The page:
Santa Fe Springs, CA—2001
I sat at the front desk and covered the phones while I waited for the rest of the office staff to come in. I answered the incoming calls, but on this day instead of clients I heard from my coworkers one by one calling to let us know why they would be out for the day. Shipping, HR, accounting, reception— everybody was going to be out. Everybody. Like a bad sitcom with a low casting budget, I was all alone in the office.
A big credit report was due to the bank by 11:00 a.m., so there wasn’t much time to get everything done. I put the phones on night service and ran back to the accounting office to get the report, deposit, and credit memos ready to go. Today I had to wear all the hats, and I was mildly terrified.
One of my first “real jobs” had been as a temp receptionist at a small family business in California. I worked there all through my undergraduate years. During my time there I filled the shoes of many people in the office as they took family leave or maternity leave, or went on to do other things. It was an important learning experience, and I soaked it up, bit by bit, grateful to have a flexible job that incorporated training. By the time I left the company I had learned how to work practically every position, and we had seen so much turnover that I wound up crafting training manuals for each job. I think it was my time here that piqued my interest in organizational systems and how they work.
For me, young and inexperienced, days like that were like baptism by fire. While I still had a lot to learn about the nuances of being a good colleague, I gradually learned to play by the campground rules. Credit to Dan Savage for educating me about that: typically used referentially to dating, playing by the “campground rules” implies that you will leave the person (or campsite) in the same or better condition than you found them in.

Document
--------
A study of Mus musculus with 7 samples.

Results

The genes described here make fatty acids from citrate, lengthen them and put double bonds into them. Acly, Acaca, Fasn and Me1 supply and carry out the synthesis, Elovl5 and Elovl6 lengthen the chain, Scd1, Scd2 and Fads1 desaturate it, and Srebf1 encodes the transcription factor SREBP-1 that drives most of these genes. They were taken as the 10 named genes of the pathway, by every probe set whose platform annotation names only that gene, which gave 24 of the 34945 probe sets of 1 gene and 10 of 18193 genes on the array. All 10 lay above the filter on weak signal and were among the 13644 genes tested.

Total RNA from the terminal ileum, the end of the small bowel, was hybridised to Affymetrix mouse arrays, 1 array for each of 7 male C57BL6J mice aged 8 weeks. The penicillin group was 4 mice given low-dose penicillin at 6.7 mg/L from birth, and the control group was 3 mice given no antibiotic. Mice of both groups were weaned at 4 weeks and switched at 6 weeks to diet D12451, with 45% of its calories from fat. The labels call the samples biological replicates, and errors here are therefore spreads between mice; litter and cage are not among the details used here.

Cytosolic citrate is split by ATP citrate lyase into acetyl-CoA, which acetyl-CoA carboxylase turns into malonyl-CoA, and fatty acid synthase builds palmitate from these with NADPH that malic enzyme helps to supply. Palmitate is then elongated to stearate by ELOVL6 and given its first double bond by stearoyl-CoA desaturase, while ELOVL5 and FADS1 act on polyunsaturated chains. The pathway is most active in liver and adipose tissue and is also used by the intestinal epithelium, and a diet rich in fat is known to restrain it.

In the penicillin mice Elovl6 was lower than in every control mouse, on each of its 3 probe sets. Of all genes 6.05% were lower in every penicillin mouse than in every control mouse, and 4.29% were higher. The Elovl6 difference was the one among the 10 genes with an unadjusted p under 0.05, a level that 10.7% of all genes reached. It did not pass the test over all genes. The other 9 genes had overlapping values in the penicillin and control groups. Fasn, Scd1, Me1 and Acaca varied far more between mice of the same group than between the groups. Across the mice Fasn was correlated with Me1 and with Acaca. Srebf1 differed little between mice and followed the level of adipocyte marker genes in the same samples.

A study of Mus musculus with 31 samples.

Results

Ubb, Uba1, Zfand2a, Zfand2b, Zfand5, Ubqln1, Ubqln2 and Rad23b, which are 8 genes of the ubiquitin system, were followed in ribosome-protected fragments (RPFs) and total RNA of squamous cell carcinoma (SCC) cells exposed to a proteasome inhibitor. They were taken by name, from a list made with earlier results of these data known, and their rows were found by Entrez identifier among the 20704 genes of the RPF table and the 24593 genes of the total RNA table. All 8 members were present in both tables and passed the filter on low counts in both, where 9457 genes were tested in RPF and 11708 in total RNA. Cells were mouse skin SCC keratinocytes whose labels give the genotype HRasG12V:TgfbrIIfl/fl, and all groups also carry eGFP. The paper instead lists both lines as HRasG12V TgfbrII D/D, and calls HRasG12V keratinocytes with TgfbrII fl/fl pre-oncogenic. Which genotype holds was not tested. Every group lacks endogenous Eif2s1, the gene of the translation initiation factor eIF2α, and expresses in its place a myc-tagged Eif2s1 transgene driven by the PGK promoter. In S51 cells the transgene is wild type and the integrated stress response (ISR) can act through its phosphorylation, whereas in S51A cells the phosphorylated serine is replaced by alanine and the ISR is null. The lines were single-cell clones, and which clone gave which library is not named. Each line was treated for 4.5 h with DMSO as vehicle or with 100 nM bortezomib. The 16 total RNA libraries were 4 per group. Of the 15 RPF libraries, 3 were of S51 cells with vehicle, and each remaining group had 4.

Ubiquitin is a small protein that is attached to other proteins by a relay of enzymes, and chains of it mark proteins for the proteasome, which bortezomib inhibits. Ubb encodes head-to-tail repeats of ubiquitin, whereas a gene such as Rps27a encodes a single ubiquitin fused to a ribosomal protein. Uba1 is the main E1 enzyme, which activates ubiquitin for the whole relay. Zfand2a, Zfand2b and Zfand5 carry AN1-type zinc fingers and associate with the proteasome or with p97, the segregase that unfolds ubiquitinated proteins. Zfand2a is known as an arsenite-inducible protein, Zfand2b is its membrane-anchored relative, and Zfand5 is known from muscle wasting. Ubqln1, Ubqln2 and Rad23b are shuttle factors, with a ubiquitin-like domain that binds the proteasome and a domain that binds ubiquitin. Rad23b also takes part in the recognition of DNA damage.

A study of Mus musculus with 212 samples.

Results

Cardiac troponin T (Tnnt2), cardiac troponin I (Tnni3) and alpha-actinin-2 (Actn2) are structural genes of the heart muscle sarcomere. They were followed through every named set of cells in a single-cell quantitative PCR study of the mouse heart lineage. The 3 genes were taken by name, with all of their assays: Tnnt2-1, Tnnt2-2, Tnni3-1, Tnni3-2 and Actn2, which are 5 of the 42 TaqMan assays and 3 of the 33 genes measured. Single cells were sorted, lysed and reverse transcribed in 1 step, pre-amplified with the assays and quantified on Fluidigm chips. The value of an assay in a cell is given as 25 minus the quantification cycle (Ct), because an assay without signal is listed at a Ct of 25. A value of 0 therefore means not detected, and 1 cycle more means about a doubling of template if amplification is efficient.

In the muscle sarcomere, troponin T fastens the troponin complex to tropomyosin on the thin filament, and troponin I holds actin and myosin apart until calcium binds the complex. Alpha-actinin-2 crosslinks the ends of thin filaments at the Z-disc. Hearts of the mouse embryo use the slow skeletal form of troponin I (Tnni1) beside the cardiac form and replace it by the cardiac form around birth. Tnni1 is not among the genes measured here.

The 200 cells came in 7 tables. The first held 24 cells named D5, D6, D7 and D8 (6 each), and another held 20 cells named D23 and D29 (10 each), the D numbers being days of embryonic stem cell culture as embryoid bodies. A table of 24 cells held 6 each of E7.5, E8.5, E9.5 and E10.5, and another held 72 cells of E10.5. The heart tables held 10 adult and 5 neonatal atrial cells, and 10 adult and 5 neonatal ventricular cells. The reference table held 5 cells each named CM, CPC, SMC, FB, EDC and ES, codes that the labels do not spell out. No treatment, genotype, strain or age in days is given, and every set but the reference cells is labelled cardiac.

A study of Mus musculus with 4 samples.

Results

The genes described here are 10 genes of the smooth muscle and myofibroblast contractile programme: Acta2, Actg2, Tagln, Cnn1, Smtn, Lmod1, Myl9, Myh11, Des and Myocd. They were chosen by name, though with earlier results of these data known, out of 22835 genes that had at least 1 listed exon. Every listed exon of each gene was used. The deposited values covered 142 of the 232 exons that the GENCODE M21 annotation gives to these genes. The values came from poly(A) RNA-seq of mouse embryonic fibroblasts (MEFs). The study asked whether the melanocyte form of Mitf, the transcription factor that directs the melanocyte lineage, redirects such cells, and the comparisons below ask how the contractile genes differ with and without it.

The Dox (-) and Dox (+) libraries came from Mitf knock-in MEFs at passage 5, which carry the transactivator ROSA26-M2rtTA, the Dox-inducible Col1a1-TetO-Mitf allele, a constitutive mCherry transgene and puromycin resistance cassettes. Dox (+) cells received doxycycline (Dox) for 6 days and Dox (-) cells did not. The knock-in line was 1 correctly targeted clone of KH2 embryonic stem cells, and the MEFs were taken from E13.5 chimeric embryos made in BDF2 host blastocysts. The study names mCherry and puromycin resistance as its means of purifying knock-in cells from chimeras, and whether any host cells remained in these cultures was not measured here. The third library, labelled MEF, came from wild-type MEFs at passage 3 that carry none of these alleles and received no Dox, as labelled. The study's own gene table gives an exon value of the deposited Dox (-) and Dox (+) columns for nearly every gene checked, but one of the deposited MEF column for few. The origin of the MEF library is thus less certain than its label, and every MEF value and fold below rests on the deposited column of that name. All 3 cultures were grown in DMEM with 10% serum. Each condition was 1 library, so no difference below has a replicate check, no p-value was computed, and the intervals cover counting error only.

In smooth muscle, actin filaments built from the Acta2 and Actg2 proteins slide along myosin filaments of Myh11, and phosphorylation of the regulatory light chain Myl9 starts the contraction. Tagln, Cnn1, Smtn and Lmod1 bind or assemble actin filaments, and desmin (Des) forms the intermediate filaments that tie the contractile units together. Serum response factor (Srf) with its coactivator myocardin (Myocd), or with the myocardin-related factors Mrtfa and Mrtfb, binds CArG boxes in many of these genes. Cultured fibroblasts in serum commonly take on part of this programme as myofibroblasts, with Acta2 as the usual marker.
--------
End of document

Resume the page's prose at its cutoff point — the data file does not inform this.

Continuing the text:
Since then I’ve tried, at least as much as possible, to follow this guideline when it comes to work. It’s a relatively simple mantra but requires a little objectivity when it comes to the job itself. In principle it sounds like a no-brainer. But in practice, it means at times I’ve worked my way out of positions. For example: I’ve helped nonprofits close their doors because their mission was successfully served and the purpose of that organization had ended.
I think that following this mantra results in employees working more mindfully. It reduces the liability if something happens to that employee and helps whoever has to step in. Call it a workplace equivalent to having an advance directive, or living will. This type of working mentality is standard practice in some industries— food servers often have to complete “side work” before leaving restaurant jobs so that the next shift is fully stocked. It is far less common in small businesses that already struggle with capacity and resources. I think, however, putting this into practice not only reduces the risk of turnover but fosters a sense of care among staff.
In addition to “the campground rules,” I think there are a few more rules that apply to both work and dating:
On dating friends and hiring friends: proceed with caution!
People want to be appreciated. Don’t take your partners or your colleagues for granted—but do ask them how they would like to appreciated.
Deciding on where to go for lunch or dinner is, apparently, very challenging. If you find somebody that can make decisions without waffling, they’re a keeper.
Googling a person before hiring or dating them can be an eye-opening experience.
Job sharing is . . . complicated.
This post is adapted from It’s Never Going To Work: A Tale of Art and Nonprofits in the Minneapolis Community with illustrations by Athena Currier. Post graphics by Jamie Schumacher. ©2018.
It’s Never Going To Work is a light-hearted, illustrated book that offers real-life insights on founding a community space and nonprofit. It provides tools, tips, resources, and camaraderie to community organizers and anybody attempting something new.